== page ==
An interview with Professor Joe Clarke, Energy Systems Research Unit - University of Strathclyde


Q1 Can you first explain a little bit about the HIT2GAP project? 

The project comprises an international consortium of commercial and academic partners and is funded by the European Commision under its Horizon 2020 programme.  The aim is to prototype a software platform for the collation and storage of disparate data types relating to the facilities management of large estates.  Examples include data from building energy management systems, weather stations, local energy generation plant and indoor environment conditions monitoring devices.  The novelty of the system, named BEMServer, derives from the availability of connected applications that deliver value-added information that supports the facilities management process.  These applications support activities such as energy management, energy demand forecasting, energy action planning, energy systems optimisation, and remedial action identification in response to occupant complaints,

Q2 In context of the project, would you please describe ESRU's main areas of research?

ESRU is a longstanding research group concerned with improving the performance of energy systems at various scale – from individual devices for heat and power delivery, to community energy schemes that seek to intelligently match hybrid energy sources to demands that vary in a complex manner. A central activity is the encapsulation of research outcomes within simulation tools that are made available at no cost under an open source licence agreement. Within the HIT2GAP project, group’s role is to connect an indoor environmental assessment procedure to BEMServer based on the ESP-r building simulation programme.

Q3 The HIT2GAP project is very ambitious in trying to reduce the energy gap between predicted and actual energy use in buildings: what do you consider to be the main challenges in delivering a project like this?

The BEMServer deliverable aims to assist the facilities management process in large estates by providing a central overview of estate performance data collected from disparate sources and giving access to powerful analytical capability that was not hitherto available at the operational stage. Given the complementary skills of the consortium members, there is no insurmountable challenge from a technical perspective. The essential challenges relate, firstly, to establishing reliable and secure data collection protocols given the rapidly evolving Internet of things market sector and, secondly, the need for facility managers to adopt the nonconventional work practices implied by the new analysis tools being offered. Further, since BEMServer is a first-of-its-kind prototype, it may be expected that iterative refinements will be required before it is fully functional and robust. This will require new commercial partnerships in future to ensure that the system’s potential is incrementally realised over a reasonable time frame.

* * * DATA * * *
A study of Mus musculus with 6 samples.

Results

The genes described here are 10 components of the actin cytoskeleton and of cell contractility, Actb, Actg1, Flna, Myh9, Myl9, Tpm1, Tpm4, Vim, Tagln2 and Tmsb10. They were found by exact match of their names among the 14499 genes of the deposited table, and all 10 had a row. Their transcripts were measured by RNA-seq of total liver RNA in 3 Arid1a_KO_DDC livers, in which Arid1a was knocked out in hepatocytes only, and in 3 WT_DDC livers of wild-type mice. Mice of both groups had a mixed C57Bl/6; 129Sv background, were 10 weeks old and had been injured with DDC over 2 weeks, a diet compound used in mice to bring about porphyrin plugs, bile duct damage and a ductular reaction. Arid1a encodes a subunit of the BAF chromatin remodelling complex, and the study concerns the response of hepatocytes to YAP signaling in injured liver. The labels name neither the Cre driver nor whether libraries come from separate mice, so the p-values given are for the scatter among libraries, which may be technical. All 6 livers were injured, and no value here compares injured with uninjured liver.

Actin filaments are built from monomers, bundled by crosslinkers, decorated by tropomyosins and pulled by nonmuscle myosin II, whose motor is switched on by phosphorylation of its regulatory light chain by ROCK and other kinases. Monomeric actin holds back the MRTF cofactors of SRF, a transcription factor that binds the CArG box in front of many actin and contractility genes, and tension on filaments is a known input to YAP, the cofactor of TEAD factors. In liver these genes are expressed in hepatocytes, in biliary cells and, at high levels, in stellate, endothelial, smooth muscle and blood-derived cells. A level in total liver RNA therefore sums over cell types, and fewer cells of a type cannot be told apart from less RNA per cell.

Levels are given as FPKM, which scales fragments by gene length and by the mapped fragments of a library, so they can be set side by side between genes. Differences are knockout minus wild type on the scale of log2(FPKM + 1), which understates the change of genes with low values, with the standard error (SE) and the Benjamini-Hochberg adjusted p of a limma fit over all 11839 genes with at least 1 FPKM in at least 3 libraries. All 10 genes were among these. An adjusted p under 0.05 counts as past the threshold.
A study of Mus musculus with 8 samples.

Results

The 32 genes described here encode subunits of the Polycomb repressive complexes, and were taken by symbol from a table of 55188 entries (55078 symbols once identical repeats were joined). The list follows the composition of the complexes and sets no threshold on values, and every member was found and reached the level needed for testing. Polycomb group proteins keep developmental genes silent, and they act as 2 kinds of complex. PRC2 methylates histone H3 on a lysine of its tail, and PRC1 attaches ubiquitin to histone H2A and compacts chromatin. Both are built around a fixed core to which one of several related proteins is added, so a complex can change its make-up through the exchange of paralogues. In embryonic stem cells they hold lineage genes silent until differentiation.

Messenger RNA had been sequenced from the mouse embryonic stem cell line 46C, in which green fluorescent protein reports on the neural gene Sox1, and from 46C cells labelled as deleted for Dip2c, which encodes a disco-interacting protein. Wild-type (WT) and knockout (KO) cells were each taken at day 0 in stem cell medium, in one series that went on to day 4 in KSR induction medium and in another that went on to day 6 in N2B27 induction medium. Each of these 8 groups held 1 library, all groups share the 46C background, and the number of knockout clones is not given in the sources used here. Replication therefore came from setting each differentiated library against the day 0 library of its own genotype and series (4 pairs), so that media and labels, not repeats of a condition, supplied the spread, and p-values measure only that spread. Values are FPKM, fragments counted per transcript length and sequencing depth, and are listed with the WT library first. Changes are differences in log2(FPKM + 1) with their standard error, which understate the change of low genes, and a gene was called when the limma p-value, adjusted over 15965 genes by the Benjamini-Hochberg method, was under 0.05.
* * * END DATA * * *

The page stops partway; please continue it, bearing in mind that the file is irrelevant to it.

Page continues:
Q4 From past experience on EU projects over the last 20 years what would you consider to be the most positive outcome we can expect from HIT2GAP?

Assuming that BEMServer and its associated applications remain openly available, it is likely that partial commercial gains will be realised through uptake by facility management support companies seeking to extend their business offering in a manner that is digitally enabled. It is also likely that downstream research projects will benefit by adopting prior research outcomes propel them to a higher technology readiness level.

Q5 What is ESRU's specific role in the HIT2GAP project?

ESRU configured its ESP-r system to deliver indoor air quality assessments in response to issues such as occupant complaint or inappropriate utility bills. This entailed developing procedures for the creation of high resolution models of existing buildings, automating performance assessments for thermal comfort, visual comfort and indoor air quality, and connecting BEMServer to an independent cloud server to undertake non-trivial simulation and return tailored outcomes to users. The group also deployed its low cost, wireless solution for indoor environmental conditions monitoring to provide an additional data source to BEMServer, and developed a new application to provide model calibration services to all BEMServer applications based on monitored data. A final role was to support the trial deployment of these capabilities within two of the project’s four pilot study estates.

Q6 Do you believe that we can really influence/deliver behaviour change through projects like this?  If so, what do you think we can influence and what is more difficult?

Behavioural change has two possible targets here. One is to change the work practises of facility management professionals in a manner that improves building operation overall; the other is to change the behaviour of building occupants in manner that reduces energy use. In the former case, this will only happen where the costs and benefits of the data-centred approach are obvious and this, in turn, will only happen with continued application and commitment to implement necessary refinement in response to the inevitable problems exposed through use. In the latter case, there is the potential to harness the new information available from BEMServer to inform occupants in a timely manner about the consequences of their actions and thereby enable intra-organisation collaboration in sustainability matters.

Q7 What do you think will be HIT2GAP's main contribution in 5 years?

A demonstration of what is possible in relation to the automated performance tracking and analysis of large estates plus know-how in relation to the connection of performance assessment applications in a manner that helps bridge the gap between design intent and the operational reality.